Revived with an enchanting cast is Louisa May Alcott’s, Little Women.
It’s Christmas and the March sisters, Meg (Emma Watson), Jo (Saoirse Ronan), Amy (Florence Pugh) and Beth (Eliza Scanlen) have no presents and are without their father who is away helping during the war American Civil War. However, the girls are determined to rise above their own individual childish faults and follies.
Jo has her writing, and keeps the family full of laughter with the plays she scribes for she and her sisters to perform. But the the foursome soon become five when they invite their lonely neighbour Laurie (Timothée Chalamet) to be their friend, and he and Jo form an instant bond.
The year ahead has its difficulties and in many ways prepares them for their lives to come, as Jo realises they will soon be forced to leave childhood behind. Told over the span of approximately seven years, we follow the highs, lows and growing maturities of the March sisters.
What my cinema companion said:
You just wouldn’t forgive her for that because you’re stubborn. Anyway I really really liked that, my baby Timothée Chalamet!
Depicting both the novel Little Women and Good Wives by Louisa May Alcott, (either two separate, or one large book depending on your copy) I think the movie did a fantastic job of weaving both stories and their consisting plots and character progressions, as well as its own additions into its 135 minute running time.
One of my favourite ensemble casts of the year made up by the Actresses who played the March sisters. Not only did they do a superb job of playing both young, wild and slightly naive children, only to switch it up and be slightly older, more refined and wise versions of themselves, but when they were together you would almost believe they were the best of friends on a level that transcended the movie. This made their sisterhood all the more easy to buy into.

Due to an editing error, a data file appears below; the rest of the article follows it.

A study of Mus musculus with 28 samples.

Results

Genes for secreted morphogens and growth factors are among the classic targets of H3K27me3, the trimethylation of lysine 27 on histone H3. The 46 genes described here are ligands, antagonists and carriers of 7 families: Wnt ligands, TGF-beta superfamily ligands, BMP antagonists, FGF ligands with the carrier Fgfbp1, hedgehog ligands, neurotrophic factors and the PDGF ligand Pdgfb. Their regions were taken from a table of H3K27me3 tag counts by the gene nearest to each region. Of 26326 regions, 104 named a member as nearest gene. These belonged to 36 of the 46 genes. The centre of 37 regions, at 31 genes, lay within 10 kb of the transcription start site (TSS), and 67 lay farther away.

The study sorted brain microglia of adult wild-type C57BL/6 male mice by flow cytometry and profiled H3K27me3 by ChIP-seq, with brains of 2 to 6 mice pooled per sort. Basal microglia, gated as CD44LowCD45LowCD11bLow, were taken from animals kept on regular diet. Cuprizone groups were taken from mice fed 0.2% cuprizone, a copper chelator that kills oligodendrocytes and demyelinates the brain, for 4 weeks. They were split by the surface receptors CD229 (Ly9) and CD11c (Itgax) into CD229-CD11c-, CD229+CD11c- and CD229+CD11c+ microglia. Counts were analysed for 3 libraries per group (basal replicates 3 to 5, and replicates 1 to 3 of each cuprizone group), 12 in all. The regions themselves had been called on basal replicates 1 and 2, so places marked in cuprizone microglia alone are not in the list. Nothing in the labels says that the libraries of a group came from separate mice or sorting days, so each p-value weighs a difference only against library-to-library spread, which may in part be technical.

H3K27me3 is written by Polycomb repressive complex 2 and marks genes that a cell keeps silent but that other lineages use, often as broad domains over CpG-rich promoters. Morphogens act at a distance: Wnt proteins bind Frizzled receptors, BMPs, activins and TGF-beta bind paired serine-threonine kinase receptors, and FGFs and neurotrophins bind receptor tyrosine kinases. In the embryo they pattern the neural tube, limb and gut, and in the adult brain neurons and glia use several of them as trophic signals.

As you might be aware at this point I really don’t like being spoon fed information, and so I was grateful that aside from one on screen text which displayed the words “Seven Years Earlier” we, as the audience are left to figure out at which points in time the story was being told. This might be hard to follow for some, and even I was left occasionally questioning where we were in time for a few seconds at the turn of a new scene. However considering how much flexibility the director Greta Gerwig applied to the timeline, having so many markers would have been irritating.
In all honesty I don’t have a bad word to really say about the movie. I mean I’ll think of something for objectivity purposes but… this movie kind of rocked.
As there was a lot to fit into the movie, certain scenes did feel a little shorter than average. At times this did feel as if particular emotions towards transpiring events didn’t have the time to grow before we were whisked along to our next stop in the March Sisters’s Museum of Life.
A beautifully told story that compresses an amazing work of literature to what I would call its equal in film.
Greta Gerwig and the incredible cast as a whole did a fantastic job of bringing Little Women to life, and even I am surprised to find that I enjoyed it as much as I did, considering when it comes to period dramas and adaptations I tend to be an unswayable Austen girl. However don’t be surprised to find me adding this rendition of Little Women to my re-watch list, moving forward.